US pet retailers report sales growth in key petfood categories

Despite recent slowdowns in petfood sales growth, US pet specialty retailers report increases for dog food, grain-free products and natural treats.

Independent pet specialty retailers in the US saw the largest sales increases in dog food, grain-free products and all-natural treats in 2013, according to the 2014-2015 Pet Age Retailer Report. That’s the good news. On the less than positive side, these retailers reported slower growth than the previous year—perhaps setting the stage for the even smaller petfood sales increases experienced in 2014, though that slowdown happened mainly in the mass market channel.

Based on the responses of 644 US pet retailers who answered Pet Age’s Internet-based survey, the report showed mixed growth in pet product sales. While more than 41% of respondents reported some sales growth, only 23% said their store profits had increased 1%-5%; 11% reported no change in sales. On the other hand, more than 49% reported some increase in their gross value of dry goods sales (which includes petfood).

Dog food contributed the best growth performance for these retailers in 2013, with about 15% of survey respondents saying it was their largest growth category. It also was the business mainstay for many of these stores; 28% said the category accounted for at least 50% of their gross dollar volume. About 47% reported their dog food sales increased “slightly” in 2013 and 19% said these sales were up “greatly” (Pet Age’s wording, not defined).

For comparison, 2013 data from GfK, which tracks sales in US pet stores, veterinary clinics and farm and feed stores, showed a 6.7% increase for dry dog food and 7.1% growth for wet dog food. In the Pet Age survey, 19% of respondents reported no change in dog food sales, which matched data for the US mass market channel, especially in 2014, which barely registered growth (0.2% for dog food, according to Packaged Facts).

Grain-free petfood sales, particularly for dog food, continued to increase on a healthy level, though not as strong as in 2012, when it was the largest growth category for US pet retailers surveyed by Pet Age. In 2013, it was the third largest growth category in this pet specialty survey. This slight growth slowdown runs somewhat counter to the picture painted by GfK data; the research firm’s 2013 figures showed a 25.9% rise in grain-free petfood (mostly dog food) in 2013, with another 32.4% increase through May 2014.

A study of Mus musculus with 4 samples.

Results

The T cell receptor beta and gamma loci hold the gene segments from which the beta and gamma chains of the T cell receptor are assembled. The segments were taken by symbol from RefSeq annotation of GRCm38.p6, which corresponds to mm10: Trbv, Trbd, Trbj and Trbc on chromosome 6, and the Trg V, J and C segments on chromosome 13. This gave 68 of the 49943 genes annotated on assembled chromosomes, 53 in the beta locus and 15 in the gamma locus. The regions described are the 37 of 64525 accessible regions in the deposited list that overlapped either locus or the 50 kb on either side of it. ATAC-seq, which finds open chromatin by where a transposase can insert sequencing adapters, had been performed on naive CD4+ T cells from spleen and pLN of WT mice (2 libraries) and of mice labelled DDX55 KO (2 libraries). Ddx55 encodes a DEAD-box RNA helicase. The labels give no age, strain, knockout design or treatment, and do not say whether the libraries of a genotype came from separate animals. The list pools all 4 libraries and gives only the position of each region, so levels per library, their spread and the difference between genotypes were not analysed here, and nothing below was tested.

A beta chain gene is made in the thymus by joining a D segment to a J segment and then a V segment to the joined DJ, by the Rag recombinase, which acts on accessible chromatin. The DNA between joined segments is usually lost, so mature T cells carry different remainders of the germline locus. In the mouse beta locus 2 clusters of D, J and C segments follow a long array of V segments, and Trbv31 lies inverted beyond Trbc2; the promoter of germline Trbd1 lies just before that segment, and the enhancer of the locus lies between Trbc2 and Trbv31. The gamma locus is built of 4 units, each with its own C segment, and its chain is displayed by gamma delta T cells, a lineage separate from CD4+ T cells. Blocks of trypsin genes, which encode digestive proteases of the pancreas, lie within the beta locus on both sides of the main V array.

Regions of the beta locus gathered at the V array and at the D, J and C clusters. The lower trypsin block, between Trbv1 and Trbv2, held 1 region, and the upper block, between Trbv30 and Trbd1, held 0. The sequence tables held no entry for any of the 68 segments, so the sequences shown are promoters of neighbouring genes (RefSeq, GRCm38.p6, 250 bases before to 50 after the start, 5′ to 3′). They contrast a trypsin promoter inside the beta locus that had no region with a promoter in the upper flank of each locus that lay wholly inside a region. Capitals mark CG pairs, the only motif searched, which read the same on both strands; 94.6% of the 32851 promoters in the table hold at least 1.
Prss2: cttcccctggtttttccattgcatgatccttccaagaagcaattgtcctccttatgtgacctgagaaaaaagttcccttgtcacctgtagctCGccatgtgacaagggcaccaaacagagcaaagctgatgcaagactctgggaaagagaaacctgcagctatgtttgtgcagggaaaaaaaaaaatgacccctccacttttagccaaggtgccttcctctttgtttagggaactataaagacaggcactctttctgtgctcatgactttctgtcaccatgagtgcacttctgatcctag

Yet the Pet Age report did jibe perfectly with other data in terms of sales of natural treats. For example, survey respondents said natural dog treats comprised their second largest growth category in both 2012 and 2013. Similarly, GfK data for dog treat sales (all treat products) in 2013 showed a 10.3% increase from 2012, while SpinScan data (reported by Packaged Facts) indicated 10.5% growth in pet treat sales in US natural supermarkets in 2013.

Cat food was not a significant growth category for the US pet retailers in the Pet Age report, but more than 56% reported sales were up slightly or greatly for 2013. These stores do count on this category for business: 20% said it represented at least 20% of gross dollar volume, with another 22% reporting cat food accounted for 10% of their business.

The report’s perspective on cat food sales seems to correspond with that from GfK, whose 2013 data showed only 2% growth for dry cat food in pet specialty stores yet a 5.4% sales increase in wet cat food and a 7.9% rise in cat treat sales. On the other hand, cat food sales overall increased only 0.7% in the mass market channel in 2014, Packaged Facts says.

Regarding food products for other species, the Pet Age report represented a mixed bag: more than 47% of respondents said they saw no change in sales for bird food and supplies; more than 51% reported sales of small animal food and supplies were up slightly or greatly; and 52% of stores stocking reptile food and supplies said sales were up slightly, with another 4% reporting sales up greatly.

The bottom line for the US petfood market: dog food still reigns, with cat food an important second-place supporter, and the pet specialty channel is home to the healthiest sales growth.